Where there is no vision, the people perish. (Proverbs 29:18)
I’ve used this scripture every time I’ve met with a church to do vision planning. However, I have met with a lot of churches without a vision and none of them have perished yet. So I’d like to translate this passage for you, or better yet, offer you a verse from my own personal gospel (I didn’t live in the time when the canon was chosen, and it might be heresy anyway).
“The blind can’t see where to go.” 1 Dietrich 14:16 or
“Without direction, the people go nowhere and anywhere all at once.” 1 Dietrich 21:12 (it’s a long gospel)
There are plenty of famous sayings like, “If you don’t know where you’re going, any road will take you there” from our friendly cat in Alice in Wonderland, and “If you don’t know where you’re going, you’ll probably end up somewhere else” from Laurence J. Peter, but I’m sure you’ll agree they aren’t as direct as my sayings.
All this is to say that good vision planning sets a direction and course for a ministry or organization. A strong vision plan has three primary parts: a vision statement, a mission statement, and a strategic ministry action plan (MAP).
What is the vision of your church or youth ministry? How does it inform the leadership and your members where you are going?
Some refer to the vision of an organization as the preferred reality that we hope to live into. Vision should inspire hope that in the future, things will be different than they are today. So a youth ministry vision statement might be:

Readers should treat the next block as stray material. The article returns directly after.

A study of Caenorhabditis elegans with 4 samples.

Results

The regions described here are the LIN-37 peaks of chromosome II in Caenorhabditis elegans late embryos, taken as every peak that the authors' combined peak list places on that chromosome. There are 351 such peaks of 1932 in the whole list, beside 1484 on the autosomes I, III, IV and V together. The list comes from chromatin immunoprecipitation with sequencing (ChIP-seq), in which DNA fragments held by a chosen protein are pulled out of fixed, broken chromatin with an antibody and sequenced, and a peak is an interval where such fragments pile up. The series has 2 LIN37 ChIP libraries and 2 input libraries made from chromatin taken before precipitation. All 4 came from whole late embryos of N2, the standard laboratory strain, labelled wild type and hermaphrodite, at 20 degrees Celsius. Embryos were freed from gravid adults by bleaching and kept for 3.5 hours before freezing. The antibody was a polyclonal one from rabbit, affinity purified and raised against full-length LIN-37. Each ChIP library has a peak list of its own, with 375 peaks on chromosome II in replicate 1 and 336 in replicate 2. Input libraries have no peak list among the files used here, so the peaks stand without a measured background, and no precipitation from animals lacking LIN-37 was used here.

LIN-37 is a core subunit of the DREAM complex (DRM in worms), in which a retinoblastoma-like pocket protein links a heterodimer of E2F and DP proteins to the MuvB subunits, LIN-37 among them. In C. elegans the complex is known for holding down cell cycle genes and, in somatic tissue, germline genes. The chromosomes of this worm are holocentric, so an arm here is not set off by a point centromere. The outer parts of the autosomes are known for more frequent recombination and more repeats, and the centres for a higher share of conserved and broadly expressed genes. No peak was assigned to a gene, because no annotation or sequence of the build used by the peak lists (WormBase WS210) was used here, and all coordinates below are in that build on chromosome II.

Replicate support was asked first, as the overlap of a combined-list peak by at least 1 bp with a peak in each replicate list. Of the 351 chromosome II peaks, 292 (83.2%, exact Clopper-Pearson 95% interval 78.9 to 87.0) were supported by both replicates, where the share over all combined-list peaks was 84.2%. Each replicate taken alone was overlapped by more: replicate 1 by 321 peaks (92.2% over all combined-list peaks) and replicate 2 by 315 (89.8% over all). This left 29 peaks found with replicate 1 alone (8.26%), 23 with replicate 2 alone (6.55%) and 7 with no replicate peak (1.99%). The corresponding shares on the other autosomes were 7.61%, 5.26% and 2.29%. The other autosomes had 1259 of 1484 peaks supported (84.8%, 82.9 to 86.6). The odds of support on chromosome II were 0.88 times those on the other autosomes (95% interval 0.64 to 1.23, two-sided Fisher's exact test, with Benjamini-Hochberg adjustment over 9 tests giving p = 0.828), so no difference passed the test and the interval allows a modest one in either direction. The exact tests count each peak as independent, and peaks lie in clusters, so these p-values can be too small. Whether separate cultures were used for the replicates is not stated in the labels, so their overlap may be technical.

Young people transformed by the love of God to change the world.
Mission is about who we are and how we are going to get to our preferred reality. Both are extraordinarily important for the success of any ministry or organization. A youth ministry mission statement might be:
The youth of “Main Street Church” seek to know God, love God, and serve God.
The strategic ministry action plan or MAP will provide concrete (measurable) steps and benchmarks of how we are going to get from our current reality to our preferred reality by living out our mission. Main Street Church’s know God section of their MAP might look something like:
You get the idea. If your ministry is not going where you want it to, there is a good chance that you have not created a defined MAP to fulfill your clearly articulated vision and mission.
The most effective ministries follow their MAPs and stay focused on the vision and mission God has given them. Take time this week to evaluate whether your ministry can imagine the promised land and is putting all their energy and efforts towards reaching it, or if it is wandering around aimlessly in the desert.
We are hearing from numerous youth ministers that during this season their plate is just too full. Caring for others is a ministry staple, but often it comes at the expense of caring for oneself. Self care for the Youth MInister is so important. If you don’t take time for yourself and your own relationship with God, not only will you suffer, but eventually your students will too.
We’ve created a Pandemic Youth Week curriculum bundle that combines elements of both a summer camp and a youth week. Many youth are missing out on both of these due to cancelled camps and trips among other cancelled important events your youth would usually attend. We’ve written this curriculum such that it can be used in person while socially distancing, online, or some combination of both.
Despite all the challenges the pandemic has presented to youth ministries, it has also created an opportunity to allow youth more involvement in worship. Although youth sunday will look very different this year, it is a great opportunity to empower our youth to be leaders. Youth’s comfort and familiarity with technology make them a great resource for churches who are seeking to move their worship services online for the first time.